Re: Thorium rocks
No, thorium doesn't rock. It's just a way of changing the subject by the pro nukes.
Thorium is an element, when bombarded by neutrons, is converted into fissile fuel. Something has to provide the neutrons, such as a small conventional nuclear reactor or a particle accelerator.
Thorium requires fuel reprocessing to be practical. The fissile materials produced by the neutron bombardment need to be separated out from other elements that absorb too many neutrons making the reaction inefficient, just like with regular uranium fuel. They are then used in a reactor.
The thorium nuts are gaga about Liquid (molten salt) Fluoride Thorium Reactors (LFTR), which have only been built on a pilot scale so far. It would take considerable research and very expensive materials to build reactors that can hold up to extremely hot, corrosive, radioactive salt without failures on a commercial scale.
So again, thorium is yet another way of producing nuclear fuel. It hardly matters that it is more abundant and thus less expensive because the cost of the fuel is not the reason why nuclear power is so expensive. The costs come from the huge infrastructure needed to both contain the radiation and produce power from the generated heat, the decommisioning costs, and the largely unfunded but very significant risks. There are no companies in Europe or the US reprocessing any fuel because it is so inherently dangerous to deal with hugely reactive chemicals needed to reprocess such even more dangerously reactive dirty fuel. The processes requireed are so expensive and dangerous nobody wants to do it. Its cheaper to use new fuel.
It's very difficult to design machinery that hold up to the extreme stresses on materials that have to handle heavy radiation and extremely reactive chemicals, such as fluorine, and concentrated acids, bases, oxidizing / reducing agents used to chemically separate the good stuff from the radioactive waste. It is also really hard to design and operate the equipment to avoid the inconvienient and dangerous problems of having various hot nucleotides to find a place to collect in a corner or a pipe somewhere and get really hot (both radioactively and quite warm too) and then start some very inconvenient and sometimes catastrophic reactions. This is how small amounts of nasty things like plutonium or other radionucleotides end up contaminating things when these messes are cleaned up.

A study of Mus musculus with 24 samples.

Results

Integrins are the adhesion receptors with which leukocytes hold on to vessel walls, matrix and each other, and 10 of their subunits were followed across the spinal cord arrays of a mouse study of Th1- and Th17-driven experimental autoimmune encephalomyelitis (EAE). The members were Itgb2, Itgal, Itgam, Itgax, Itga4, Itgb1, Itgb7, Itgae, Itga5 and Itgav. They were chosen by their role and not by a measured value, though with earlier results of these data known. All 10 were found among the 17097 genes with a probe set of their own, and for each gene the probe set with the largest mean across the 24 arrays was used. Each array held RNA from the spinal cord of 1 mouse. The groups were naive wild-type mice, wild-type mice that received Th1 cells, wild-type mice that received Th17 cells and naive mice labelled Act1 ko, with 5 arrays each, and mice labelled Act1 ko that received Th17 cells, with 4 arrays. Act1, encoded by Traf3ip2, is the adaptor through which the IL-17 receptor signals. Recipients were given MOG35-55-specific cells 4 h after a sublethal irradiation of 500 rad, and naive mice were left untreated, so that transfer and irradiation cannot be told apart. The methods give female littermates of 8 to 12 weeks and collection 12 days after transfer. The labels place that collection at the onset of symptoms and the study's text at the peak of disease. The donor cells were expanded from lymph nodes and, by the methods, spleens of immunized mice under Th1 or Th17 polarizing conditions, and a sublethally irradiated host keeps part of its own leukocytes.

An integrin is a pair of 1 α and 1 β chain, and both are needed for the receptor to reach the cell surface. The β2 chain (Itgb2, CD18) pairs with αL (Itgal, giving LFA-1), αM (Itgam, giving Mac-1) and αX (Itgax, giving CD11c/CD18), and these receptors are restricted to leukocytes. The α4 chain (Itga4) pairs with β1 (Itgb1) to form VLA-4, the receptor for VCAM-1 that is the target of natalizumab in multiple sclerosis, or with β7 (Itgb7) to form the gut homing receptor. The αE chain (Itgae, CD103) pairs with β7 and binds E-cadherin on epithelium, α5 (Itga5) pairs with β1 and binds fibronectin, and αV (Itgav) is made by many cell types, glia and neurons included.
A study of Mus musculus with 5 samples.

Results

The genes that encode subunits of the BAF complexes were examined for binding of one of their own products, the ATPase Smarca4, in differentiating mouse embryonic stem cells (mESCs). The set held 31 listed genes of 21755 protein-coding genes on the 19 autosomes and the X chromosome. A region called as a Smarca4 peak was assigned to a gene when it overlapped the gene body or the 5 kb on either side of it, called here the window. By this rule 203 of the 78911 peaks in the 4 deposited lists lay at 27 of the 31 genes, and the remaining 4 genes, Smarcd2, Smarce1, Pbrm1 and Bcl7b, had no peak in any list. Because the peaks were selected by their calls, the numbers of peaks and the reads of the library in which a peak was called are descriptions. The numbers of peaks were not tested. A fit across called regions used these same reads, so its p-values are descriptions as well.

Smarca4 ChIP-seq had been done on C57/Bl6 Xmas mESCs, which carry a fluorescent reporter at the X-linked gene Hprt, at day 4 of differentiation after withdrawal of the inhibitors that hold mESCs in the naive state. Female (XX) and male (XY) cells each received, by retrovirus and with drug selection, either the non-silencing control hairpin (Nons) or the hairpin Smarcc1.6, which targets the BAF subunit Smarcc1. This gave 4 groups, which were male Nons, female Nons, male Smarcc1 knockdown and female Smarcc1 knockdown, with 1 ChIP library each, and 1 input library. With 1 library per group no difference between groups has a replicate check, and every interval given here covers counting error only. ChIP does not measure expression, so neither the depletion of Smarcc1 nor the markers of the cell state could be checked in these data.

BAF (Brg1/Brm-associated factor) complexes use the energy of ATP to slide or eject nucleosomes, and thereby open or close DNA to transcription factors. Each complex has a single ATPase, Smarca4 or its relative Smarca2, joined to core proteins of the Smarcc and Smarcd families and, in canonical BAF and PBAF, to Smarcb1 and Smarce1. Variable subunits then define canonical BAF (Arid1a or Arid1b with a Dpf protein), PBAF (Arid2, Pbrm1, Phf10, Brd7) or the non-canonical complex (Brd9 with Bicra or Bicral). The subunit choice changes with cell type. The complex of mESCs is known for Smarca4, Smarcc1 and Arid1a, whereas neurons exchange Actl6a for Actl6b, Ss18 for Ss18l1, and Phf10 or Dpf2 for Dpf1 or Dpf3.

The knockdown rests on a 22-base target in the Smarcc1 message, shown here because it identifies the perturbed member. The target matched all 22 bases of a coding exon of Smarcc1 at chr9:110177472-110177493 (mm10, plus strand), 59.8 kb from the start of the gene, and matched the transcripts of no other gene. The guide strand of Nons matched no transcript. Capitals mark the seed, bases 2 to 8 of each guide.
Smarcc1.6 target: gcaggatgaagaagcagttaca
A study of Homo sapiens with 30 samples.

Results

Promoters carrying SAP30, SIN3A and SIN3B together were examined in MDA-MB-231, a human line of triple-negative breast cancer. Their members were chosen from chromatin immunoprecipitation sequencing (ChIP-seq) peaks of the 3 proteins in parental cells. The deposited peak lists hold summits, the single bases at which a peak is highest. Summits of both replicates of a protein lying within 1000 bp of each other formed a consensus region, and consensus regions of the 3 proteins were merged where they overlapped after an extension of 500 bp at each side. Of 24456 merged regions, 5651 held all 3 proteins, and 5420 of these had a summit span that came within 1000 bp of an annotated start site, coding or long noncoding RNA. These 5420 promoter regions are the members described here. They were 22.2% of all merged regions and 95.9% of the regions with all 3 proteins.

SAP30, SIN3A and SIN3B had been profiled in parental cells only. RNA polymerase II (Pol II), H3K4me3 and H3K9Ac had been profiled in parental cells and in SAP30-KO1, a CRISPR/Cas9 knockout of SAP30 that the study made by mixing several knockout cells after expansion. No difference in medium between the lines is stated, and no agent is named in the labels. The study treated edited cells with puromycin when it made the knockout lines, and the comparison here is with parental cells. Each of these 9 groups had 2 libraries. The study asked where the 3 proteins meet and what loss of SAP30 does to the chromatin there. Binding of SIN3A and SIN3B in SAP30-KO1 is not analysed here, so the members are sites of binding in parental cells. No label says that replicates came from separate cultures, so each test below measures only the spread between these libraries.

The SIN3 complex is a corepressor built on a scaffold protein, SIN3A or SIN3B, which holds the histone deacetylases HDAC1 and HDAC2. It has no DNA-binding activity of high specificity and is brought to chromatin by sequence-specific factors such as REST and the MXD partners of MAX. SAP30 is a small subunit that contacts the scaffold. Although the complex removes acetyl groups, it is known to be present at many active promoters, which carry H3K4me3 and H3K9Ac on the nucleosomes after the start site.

So, as I said, it doesn't matter that thorium is more abundant. The cost of the fuel is not why nuclear power is so expensive.
Thorium doesn't produce the same set of waste nucleotides as Uranium fission, but it still produces nuclear waste that has to be dealt with in the same way. So this still sounds like a technology with more problems than advantages.